Interesting lessons and reflections on disaster response, including the recent experience with hurricane Matthew in Haiti, the impact of floods on people’s aspirations in Pakistan, and a comparison between the massive 2011 and 2017 droughts in Somalia. In the meanwhile, conflict in South Sudan is leading schoolgirls to forfeit their education.
Talking of violence, a brief sets out risks and potential for digital and social media to monitor upcoming elections in Kenya. On the other side of the continent, the border regions of Niger have seen a rise in violent extremist groups: new research charts the pathways of such radicalization, which seems largely fueled by poverty and inequality.
Bonus on displacement: an NBER paper on refugees in the US estimates that, after 6 years in the country, refugees work at higher rates than natives but don’t attain similar earning levels; also, refugees pay $21,000 more in taxes than they receive in benefits over their first 20 years in the US. Simon Maxwell reviews ‘Refuge’, the new book by Betts and Collier. A new ODI paper investigates how much of $300+ millions of humanitarian projects, largely in displacement settings, reached beneficiaries through cash or in-kind transfers (hint: 81%, with the rest being absorbed by admin and indirect costs).
More on cash transfer programs: a new compilation of lessons from providing cash transfers to the elderly in four African countries (Ethiopia, Mozambique, Tanzania, Zimbabwe). A summary impact evaluation for Uganda decomposes the impact of a cash grant (SAGE) graduation program in its economic multipliers, beneficiaries’ social standing, and community targeting. (By the way, so much effort is invested in results measurement that a blog claiming that development cannot be measured is bound to spark debate.)
A set of urban resources: we know that urbanization includes a multitude of country-specific classifications, with a new paper reviewing them for Kenya. Global urban municipal movements will meet in Barcelona to build a global networks of solidarity. And paper examines urbanization pathways in Bangladesh calling for nutrition-sensitive programs in slums.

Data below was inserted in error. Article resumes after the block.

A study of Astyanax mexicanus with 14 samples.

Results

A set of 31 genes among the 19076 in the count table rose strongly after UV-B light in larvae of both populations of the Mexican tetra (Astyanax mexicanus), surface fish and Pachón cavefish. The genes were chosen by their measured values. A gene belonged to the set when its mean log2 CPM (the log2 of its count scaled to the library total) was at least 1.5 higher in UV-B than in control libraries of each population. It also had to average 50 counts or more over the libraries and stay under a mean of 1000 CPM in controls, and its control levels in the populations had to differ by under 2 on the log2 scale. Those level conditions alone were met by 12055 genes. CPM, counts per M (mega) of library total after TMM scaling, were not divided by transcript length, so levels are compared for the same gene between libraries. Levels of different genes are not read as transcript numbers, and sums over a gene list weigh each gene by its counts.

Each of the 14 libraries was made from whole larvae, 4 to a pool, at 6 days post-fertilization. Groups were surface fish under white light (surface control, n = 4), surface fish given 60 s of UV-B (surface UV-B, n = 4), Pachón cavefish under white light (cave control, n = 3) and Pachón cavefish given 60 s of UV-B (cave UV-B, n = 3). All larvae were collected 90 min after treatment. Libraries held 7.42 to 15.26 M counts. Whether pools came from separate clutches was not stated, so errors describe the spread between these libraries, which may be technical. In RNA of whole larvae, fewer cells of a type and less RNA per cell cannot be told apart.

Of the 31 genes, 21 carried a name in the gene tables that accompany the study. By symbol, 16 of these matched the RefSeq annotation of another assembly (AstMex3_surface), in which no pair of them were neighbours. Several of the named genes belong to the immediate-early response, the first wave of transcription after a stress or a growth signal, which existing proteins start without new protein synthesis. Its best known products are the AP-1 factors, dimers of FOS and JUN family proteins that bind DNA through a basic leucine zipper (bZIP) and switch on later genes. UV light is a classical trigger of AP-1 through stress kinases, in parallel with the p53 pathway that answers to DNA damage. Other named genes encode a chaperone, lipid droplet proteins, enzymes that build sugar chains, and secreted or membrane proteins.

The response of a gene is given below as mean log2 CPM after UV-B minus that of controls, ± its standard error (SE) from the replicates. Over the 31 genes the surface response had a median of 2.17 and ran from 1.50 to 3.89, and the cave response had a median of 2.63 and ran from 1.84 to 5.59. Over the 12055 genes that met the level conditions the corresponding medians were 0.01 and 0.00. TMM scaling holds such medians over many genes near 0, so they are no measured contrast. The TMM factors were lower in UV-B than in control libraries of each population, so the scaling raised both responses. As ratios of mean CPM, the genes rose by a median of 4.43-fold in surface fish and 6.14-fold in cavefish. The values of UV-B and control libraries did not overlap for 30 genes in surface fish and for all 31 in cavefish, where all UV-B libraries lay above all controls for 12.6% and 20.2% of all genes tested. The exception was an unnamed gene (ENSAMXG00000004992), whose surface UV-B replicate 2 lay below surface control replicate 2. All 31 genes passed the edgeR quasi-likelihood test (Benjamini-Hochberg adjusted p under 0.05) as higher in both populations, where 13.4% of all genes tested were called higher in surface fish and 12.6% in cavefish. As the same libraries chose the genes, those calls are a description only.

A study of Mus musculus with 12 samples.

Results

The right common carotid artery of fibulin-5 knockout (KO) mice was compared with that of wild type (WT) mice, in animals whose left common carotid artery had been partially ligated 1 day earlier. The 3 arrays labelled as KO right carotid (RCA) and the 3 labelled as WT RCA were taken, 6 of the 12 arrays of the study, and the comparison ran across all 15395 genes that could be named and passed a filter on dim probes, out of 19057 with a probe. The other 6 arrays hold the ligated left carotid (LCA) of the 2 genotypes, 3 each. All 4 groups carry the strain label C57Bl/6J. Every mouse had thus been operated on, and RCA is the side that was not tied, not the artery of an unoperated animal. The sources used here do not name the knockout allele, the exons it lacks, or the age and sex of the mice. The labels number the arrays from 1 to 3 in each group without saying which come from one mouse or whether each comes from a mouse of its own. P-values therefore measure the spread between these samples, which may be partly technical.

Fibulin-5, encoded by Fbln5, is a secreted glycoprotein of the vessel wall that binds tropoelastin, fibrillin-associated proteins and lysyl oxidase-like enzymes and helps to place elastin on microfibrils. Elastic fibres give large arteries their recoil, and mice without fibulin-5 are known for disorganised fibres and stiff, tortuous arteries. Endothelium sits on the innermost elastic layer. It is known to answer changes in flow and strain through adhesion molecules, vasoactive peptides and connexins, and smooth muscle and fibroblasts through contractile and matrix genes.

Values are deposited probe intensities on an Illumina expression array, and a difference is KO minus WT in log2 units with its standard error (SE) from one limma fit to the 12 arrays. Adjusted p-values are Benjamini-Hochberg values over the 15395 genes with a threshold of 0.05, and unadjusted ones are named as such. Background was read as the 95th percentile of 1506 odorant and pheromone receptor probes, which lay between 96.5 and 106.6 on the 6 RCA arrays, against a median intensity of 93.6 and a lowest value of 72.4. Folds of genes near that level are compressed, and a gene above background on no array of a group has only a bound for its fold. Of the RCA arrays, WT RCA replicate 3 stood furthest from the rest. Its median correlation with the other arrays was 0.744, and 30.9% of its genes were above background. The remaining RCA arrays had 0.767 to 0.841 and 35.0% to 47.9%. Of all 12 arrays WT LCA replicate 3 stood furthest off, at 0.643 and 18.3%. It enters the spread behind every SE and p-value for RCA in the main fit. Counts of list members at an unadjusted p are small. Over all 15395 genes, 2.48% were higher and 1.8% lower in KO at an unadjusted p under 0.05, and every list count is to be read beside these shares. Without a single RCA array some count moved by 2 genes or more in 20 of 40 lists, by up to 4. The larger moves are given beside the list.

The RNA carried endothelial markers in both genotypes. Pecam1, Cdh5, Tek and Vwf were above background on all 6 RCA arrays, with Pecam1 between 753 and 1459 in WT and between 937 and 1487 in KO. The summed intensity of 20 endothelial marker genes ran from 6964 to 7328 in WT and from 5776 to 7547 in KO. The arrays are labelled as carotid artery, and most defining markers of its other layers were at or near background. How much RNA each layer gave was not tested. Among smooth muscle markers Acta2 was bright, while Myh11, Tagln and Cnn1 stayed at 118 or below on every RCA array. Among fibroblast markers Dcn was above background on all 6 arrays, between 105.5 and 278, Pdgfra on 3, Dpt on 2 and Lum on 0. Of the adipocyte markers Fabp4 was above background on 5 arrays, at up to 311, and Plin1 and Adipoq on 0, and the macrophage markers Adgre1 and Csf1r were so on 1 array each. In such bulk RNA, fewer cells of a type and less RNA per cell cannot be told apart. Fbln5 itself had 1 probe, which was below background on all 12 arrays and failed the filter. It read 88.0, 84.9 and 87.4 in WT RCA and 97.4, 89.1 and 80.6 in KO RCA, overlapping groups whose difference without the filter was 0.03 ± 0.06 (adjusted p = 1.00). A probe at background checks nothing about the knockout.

Speaking of malnutrition, an NEJM article shows that, in 2015, a total of 107.7 million children and 603.7 million adults were obese. China and India had the highest numbers of obese children, whereas the US and China had the highest numbers of obese adults.
The concepts of dignity and shame are often discussed in social protection, but seldom examined systematically: a new IDS paper provides a conceptual framework for understanding the interactions between shame, poverty and social protection. Another conceptual framework is set out to connect social protection and agriculture: a recent report reinvigorates the case for state-based interventions to support smallholder production, with the produce used for social protection programs like school feeding.
A couple of ‘bigger-picture’ issues: how much is the gap between energy supply and demand in Africa? Moss seems to point that out in a CGD blog. And an interesting interview with Dani Rodrik on the state of the global financial system.
Loads of events these days, most of which webstreamed, like on the future of social protection, strengthening Africa’s urban resilience, building state capabilities, how to support refugees’ aspirations, and on corruption prevention.